Read Albert Einstein’s Letter About What He Thought About UFOs
by Jen Sako
The night of July 19, 1952, something strange happened over Washington, D.C.
“It was very erratic. It went left and right. We knew it wasn’t an airplane, because a plane flies in one direction. But it was a strong signal, just like an airplane.”
A Capital Airlines pilot also reported six quick lights with, “no tail, no recognizable shape…just bright lights against a dark sky,” for approximately 14 minutes. Air Force radar picked up similar objects, but they disappeared before scrambled jets could investigate.
At the time, Americans were fascinated with UFOs. LIFE magazine published “Have We Visitors From Space?” in the April 1952 issue sparking the public’s imagination. In Watch the Skies!: A Chronicle of the UFO Myth, Curtis Peebles wrote that the flying objects over DC were “the climax of the 1952 flap.” Suddenly, “Unidentified flying objects exploded into the public consciousness then,” said Mark Rodeghier, scientific director for the Center for UFO Studies, to The New York Times in 2018.
Newspaper headlines blared the news around the world: “SAUCERS SWARM OVER CAPITAL.”
Reverend Louis A. Gardner wondered what physicist Albert Einstein thought of all this. He wrote him, asking for his opinion on whether the objects were truly from outer space, perhaps Venus or Mars? Or, were they from the military–either the U.S. Air Force or an enemy?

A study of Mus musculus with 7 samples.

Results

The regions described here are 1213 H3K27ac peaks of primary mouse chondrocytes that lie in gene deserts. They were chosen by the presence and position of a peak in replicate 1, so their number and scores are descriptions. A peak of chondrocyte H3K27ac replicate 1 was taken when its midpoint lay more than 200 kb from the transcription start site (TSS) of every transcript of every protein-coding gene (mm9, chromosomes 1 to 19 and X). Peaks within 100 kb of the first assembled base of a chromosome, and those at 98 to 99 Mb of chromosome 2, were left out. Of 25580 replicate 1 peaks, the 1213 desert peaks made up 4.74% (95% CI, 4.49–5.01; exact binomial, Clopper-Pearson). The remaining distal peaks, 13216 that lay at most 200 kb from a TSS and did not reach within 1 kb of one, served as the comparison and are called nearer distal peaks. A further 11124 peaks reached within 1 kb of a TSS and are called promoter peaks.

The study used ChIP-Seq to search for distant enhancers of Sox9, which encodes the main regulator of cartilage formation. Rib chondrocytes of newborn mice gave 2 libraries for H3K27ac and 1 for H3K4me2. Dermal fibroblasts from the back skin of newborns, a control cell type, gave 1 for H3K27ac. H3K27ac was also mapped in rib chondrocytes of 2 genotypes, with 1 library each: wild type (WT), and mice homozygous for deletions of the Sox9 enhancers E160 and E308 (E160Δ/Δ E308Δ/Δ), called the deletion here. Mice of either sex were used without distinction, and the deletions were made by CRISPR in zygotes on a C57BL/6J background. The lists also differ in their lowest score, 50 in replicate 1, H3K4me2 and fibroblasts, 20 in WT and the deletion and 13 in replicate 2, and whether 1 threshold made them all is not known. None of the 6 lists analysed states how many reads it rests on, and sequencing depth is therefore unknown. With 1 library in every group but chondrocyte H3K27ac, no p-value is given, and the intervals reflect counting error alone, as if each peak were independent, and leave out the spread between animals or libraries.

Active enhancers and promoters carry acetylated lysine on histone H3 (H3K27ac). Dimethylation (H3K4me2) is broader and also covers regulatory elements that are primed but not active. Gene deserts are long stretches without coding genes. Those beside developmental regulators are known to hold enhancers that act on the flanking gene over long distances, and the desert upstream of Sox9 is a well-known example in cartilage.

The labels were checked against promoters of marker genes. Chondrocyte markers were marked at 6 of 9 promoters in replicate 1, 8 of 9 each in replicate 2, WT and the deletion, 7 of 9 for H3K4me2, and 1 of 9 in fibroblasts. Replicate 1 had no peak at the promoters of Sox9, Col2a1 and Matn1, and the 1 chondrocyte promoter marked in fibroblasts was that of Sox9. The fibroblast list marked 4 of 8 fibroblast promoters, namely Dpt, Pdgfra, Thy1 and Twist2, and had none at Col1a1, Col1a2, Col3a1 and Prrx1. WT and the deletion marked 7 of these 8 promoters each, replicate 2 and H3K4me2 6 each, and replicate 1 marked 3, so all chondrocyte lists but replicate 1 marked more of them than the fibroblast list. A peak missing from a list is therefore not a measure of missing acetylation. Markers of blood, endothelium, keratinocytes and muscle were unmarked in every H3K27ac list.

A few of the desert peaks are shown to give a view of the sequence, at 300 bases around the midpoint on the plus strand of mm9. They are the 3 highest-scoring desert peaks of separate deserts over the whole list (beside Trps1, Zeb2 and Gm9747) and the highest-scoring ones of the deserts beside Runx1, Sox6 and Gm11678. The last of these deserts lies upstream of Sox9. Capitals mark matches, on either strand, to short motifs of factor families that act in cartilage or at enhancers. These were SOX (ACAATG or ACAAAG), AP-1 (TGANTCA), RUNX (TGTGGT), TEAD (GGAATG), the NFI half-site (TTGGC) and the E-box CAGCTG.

By then, Einstein was already famous for his theory of general relativity, Nobel Prize for Physics, stance against racism, and, he would regret later, support for the Manhattan Project. Despite his fame and busy research schedule at Princeton, he decided to reply on letterhead from the Institute of Advanced Study at Princeton:
“Dear Sir, those people have seen something. What it is I do not know and am not curious to know. Sincerely yours, Albert Einstein.”
What was curious was Einstein’s response about how he was not curious at all about the flying objects. He had built his whole life on curiosity. He even told his biographer just months before Gardner’s inquiry, “I have no special talents. I am only passionately curious.”
Einstein’s letter back to Gardner was almost as famous as the UFOs that continued to make appearances over D.C., July 26 and 27. That month, the Air Force received 500 reports of UFOs. Authorities blamed “the Washington Invasion” on meteor showers and unusual weather. But the more curious witnesses insist they knew what they saw and it was of another world.